Wednesday, January 12, 2011
A Visit From Alexander Gordon Smith, Author of Lockdown and Solitary
A Ghost in the Cell
Hi Carrie, thanks so much for letting me write a guest post for your blog! As this is my first guest post on my blog tour, I wanted to talk a little about the main character, Alex, and the experience of being locked away inside Furnace Penitentiary with him. It was an incredible, life-changing time for both of us.
Alex existed inside my head long before the idea of Furnace came about. He’s me, in so many ways – the me that might have been if I’d taken a few more wrong turns as a teenager. I still think, sometimes, that Alex is a version of me that might actually exist in a different universe. This is why I’m so close to him – we’re twins, inter-dimensional brothers! I wasn’t exactly a bad kid, but I did steal stuff and hang out in biker bars and get into fights. Luckily I had a great family, and they pulled me free before it got out of hand. But the character of Alex stuck around inside my head, the teenage me who didn’t get rescued.
The idea of Furnace grew out of this character, this version of me. I wanted to write a horror story, something genuinely terrifying, and I was struggling to think of an idea that really worked. But Alex was still in my head. Whereas I’d grown up – I was twenty-eight when I started Lockdown – he was still a teenager. He hadn’t had the opportunity to play out his story, to see where his life would lead. I kept thinking about him, this teenager that was locked inside the purgatory of my mind, and eventually I realized that Alex wanted to tell his story. He needed to tell it. As soon as I understood this, the entire book – the prison and the terrible things that happen there – just appeared, almost fully formed. I had my horror story. I’d had it all along.
I started writing. It was incredible, really, as it genuinely felt as though Alex was telling the story and I was merely transcribing it. He was so real to me – a living, breathing person – that all I could do was capture what he was saying. Sometimes it felt like I couldn’t write fast enough to even do that, his voice a torrent, like he’d been waiting to tell this story for so long. It didn’t seem to matter that it was such a brutal sequence of events, that every page brought new horrors. I think the character was just grateful to finally be allowed to live his life, to see where it would lead him.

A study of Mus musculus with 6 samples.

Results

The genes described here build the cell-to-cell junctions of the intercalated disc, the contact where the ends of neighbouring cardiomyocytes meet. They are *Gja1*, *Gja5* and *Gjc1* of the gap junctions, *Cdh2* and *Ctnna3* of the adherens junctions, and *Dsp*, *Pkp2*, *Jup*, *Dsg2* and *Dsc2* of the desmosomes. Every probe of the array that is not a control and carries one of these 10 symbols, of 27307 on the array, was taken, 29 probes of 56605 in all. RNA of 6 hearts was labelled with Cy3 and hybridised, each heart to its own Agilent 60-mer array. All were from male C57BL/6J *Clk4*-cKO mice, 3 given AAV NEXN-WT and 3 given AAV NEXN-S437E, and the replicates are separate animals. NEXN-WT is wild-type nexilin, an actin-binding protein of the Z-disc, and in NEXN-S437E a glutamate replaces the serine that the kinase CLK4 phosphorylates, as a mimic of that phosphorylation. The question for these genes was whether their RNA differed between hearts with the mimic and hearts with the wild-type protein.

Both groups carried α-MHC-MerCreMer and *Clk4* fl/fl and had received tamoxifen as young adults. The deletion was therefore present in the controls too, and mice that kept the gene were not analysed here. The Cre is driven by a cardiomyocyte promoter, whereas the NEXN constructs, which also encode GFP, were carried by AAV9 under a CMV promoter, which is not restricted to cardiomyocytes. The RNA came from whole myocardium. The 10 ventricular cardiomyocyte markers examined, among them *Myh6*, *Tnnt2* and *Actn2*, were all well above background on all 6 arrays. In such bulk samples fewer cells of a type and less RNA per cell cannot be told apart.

Like I said, though, it was a life-changing experience for both of us. Not long after I’d started writing, I suffered a personal tragedy. Anyone who’s read the dedication in Lockdown will have an idea of what it was. It was a really, really dark time, the worst in my life. I threw myself into the book as a way of coping with it, a way of forgetting.
I genuinely felt like I was imprisoned inside Furnace Penitentiary, locked away a mile beneath the ground in this hellhole. Like Alex, I had no way out, no way to escape this nightmare. We were both sentenced to rot at the very bottom of the world. I knew that if Alex didn’t find a way out of Furnace, then I’d never get out of this dark place in my own life. We needed each other. We couldn’t survive this alone. I think – I hope – that’s why the book feels so real: because Alex’s terror and confusion and pain and hopelessness were my terror and confusion and pain and hopelessness. It was completely and utterly real to me when I was writing. This is also why the friendships in the book are so important, so powerful. Because I was there, a ghost in the cell, relying on Donovan and Zee and Toby to keep me sane just as much as Alex was. If those guys hadn’t been in Furnace, I don’t know what would have happened to Alex and I don’t know what would have happened to me.
Writing Lockdown helped me get through this tragedy. It helped me to escape. And Alex? Well, I can’t say what happens to him at the end of the book, or the end of the series – I don’t want to give anything away! But I’m so glad he stayed in my head all those years, so glad he wanted to tell his story. Without him, I’d still be inside Furnace, I’d still be a ghost in that cell.
Wow!! Thanks for the awesome guest post! I'm honored to have you visit my blog. Now what are you waiting for reader?! Go pick up Lockdown and Solitary and get reading!